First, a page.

City receives $537K federal grant
Using $537,000 in federal funding, Beacon plans to add three full-time firefighters next year, giving the city — at 16, plus a chief — the most firefighters it has ever employed.
Beacon officials announced the funding, which will come from a Federal Emergency Management Agency (FEMA) program designed to make sure there is “adequate fire and emergency response,” on Wednesday (Oct. 2). The firefighters, who will be hired through the Dutchess County civil service agency, must attend the New York State Fire Academy in February before joining the city’s department in June, said Chief Gary Van Voorhis.
The Beacon Fire Department, which responds to more than 1,600 calls annually, has struggled in recent years with staffing as the number of volunteers who complement the full-time (or “career”) firefighters has bottomed out. Van Voorhis said the department once had more than 150 volunteers and a waiting list but now has only 21.
Of those volunteers, only four are certified for interior firefighting — a shortfall the chief and other fire officials highlighted last year when asking the City Council to add four paid staff to the 2019 city budget.
The council added one firefighter, but in February directed City Administrator Anthony Ruggiero to apply for the FEMA funding. On Wednesday, Beacon Mayor Randy Casale credited U.S. Senators Chuck Schumer and Kirsten Gillibrand and U.S. Rep. Sean Patrick Maloney with helping to secure the grant.
Dutchess County Executive Marc Molinaro and state Assembly Member Jonathan Jacobson, whose district includes Beacon, wrote letters of support, as well.
“This is a critical time in Beacon,” Casale said, “and this will give us the time to ease into the burden” of paying for additional firefighters “while development adds to our tax base over the next three years, so it’s easier for the taxpayers to absorb the cost.”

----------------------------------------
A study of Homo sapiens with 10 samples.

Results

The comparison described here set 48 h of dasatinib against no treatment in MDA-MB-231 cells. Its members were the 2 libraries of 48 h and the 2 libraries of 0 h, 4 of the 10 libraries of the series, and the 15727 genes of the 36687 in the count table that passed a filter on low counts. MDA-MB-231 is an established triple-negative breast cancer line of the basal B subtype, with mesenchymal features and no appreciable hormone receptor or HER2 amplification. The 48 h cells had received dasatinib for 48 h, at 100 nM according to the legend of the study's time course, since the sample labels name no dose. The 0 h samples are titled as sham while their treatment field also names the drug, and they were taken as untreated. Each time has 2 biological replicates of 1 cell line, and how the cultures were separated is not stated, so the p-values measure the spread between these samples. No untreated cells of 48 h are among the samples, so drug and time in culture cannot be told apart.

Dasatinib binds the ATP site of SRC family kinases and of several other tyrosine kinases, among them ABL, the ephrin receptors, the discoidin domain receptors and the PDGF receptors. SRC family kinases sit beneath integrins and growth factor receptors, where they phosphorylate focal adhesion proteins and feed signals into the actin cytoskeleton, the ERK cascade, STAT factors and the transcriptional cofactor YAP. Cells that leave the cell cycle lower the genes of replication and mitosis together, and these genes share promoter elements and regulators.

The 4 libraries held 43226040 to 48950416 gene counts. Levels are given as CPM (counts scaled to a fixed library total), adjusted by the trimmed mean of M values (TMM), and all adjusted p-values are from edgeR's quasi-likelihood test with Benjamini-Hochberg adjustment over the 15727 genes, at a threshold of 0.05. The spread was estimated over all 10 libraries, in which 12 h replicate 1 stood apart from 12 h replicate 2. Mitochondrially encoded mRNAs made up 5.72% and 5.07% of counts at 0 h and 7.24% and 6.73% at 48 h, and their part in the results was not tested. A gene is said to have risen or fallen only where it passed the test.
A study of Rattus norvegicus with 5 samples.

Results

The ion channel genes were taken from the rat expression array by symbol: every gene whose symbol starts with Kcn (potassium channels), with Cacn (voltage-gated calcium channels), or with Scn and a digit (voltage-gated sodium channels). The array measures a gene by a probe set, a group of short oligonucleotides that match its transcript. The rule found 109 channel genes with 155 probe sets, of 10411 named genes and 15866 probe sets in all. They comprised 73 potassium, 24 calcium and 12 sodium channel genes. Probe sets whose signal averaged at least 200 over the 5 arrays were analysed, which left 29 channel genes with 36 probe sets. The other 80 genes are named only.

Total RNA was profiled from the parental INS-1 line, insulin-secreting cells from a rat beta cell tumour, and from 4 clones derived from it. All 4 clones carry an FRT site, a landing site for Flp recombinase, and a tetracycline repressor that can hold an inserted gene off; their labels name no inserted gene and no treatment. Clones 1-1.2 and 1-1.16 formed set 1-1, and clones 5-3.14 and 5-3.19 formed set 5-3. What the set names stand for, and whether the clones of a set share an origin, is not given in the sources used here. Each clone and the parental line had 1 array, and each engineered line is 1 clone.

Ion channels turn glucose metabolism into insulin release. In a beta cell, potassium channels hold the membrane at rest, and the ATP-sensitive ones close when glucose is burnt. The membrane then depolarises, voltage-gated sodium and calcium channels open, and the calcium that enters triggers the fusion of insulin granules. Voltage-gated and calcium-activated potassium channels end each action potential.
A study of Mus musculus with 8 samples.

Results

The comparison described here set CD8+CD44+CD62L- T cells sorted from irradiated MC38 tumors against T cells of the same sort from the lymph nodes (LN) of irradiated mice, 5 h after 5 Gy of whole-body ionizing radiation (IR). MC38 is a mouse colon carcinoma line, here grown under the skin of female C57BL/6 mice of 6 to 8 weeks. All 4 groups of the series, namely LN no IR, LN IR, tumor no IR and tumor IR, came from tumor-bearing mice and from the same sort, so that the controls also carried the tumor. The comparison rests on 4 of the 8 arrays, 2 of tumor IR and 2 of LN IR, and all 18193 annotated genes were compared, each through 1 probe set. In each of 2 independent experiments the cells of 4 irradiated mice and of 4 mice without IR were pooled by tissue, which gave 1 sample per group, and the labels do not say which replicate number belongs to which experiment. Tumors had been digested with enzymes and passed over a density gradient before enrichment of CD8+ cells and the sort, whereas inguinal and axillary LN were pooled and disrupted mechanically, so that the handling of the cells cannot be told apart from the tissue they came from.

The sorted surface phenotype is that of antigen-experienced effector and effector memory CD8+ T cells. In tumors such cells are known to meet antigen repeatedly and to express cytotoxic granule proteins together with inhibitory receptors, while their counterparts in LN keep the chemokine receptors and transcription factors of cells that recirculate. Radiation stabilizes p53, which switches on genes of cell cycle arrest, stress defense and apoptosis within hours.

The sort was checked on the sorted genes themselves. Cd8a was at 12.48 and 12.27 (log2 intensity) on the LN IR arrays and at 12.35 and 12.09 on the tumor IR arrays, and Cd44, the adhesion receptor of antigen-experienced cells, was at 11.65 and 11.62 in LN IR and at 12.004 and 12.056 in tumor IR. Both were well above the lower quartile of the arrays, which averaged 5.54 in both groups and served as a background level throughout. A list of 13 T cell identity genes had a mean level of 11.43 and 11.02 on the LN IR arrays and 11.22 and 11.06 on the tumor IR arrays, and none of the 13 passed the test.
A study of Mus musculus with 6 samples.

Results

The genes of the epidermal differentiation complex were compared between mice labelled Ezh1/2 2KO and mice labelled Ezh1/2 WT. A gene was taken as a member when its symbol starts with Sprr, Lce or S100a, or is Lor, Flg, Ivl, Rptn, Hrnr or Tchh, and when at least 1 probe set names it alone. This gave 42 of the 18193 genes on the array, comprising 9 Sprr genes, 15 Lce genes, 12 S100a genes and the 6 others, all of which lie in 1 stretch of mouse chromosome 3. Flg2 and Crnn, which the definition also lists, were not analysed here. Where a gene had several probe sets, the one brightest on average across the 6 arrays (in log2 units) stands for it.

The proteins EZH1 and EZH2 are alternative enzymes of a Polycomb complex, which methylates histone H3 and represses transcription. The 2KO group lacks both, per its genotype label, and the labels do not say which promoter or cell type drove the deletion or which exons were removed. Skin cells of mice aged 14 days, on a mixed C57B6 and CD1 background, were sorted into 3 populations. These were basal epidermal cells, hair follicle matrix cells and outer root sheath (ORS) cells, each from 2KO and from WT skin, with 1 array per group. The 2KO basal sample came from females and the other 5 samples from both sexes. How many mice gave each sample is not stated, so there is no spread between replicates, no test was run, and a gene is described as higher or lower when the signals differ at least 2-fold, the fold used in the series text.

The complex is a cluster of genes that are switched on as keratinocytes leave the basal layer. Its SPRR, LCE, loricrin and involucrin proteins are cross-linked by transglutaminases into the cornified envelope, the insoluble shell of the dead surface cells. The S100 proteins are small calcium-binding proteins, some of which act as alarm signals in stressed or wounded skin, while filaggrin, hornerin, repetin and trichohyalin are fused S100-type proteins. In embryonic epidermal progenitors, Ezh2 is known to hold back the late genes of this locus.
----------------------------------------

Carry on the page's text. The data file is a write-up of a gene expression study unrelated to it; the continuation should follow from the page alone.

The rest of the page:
The grant funding will cover 75 percent of the firefighters’ salaries — about $97,000 each, according to the 2019 city budget — in 2020 and 2021, and 35 percent in 2022. In 2023, the salaries will shift entirely to the city.
Before this year, Ruggiero said, the department had 12 career firefighters for “almost forever.” Once the new staff is added in June, Van Voorhis said he will be able to have four firefighters on duty at all times, with two at the Tompkins Hose station on South Avenue and one each at Mase Hook and Ladder on Main Street and the Beacon Engine station on East Main.
“This is something we’ve been asking for — manpower — for years,” said Gary Simmonds, president of the Beacon firefighters’ union. “This gives us a first-strike capability: two (firefighters) in, two (firefighters) out. It’s much safer. But four men [on duty] is just the beginning.”
Casale also used Wednesday’s announcement to reiterate his call for regional — rather than municipal — fire protection. Because of the drop in volunteers, the cost of an adequately staffed full-time department is more than a city like Beacon can afford, he argued.
“It will bankrupt us and it will bankrupt smaller communities,” Casale said.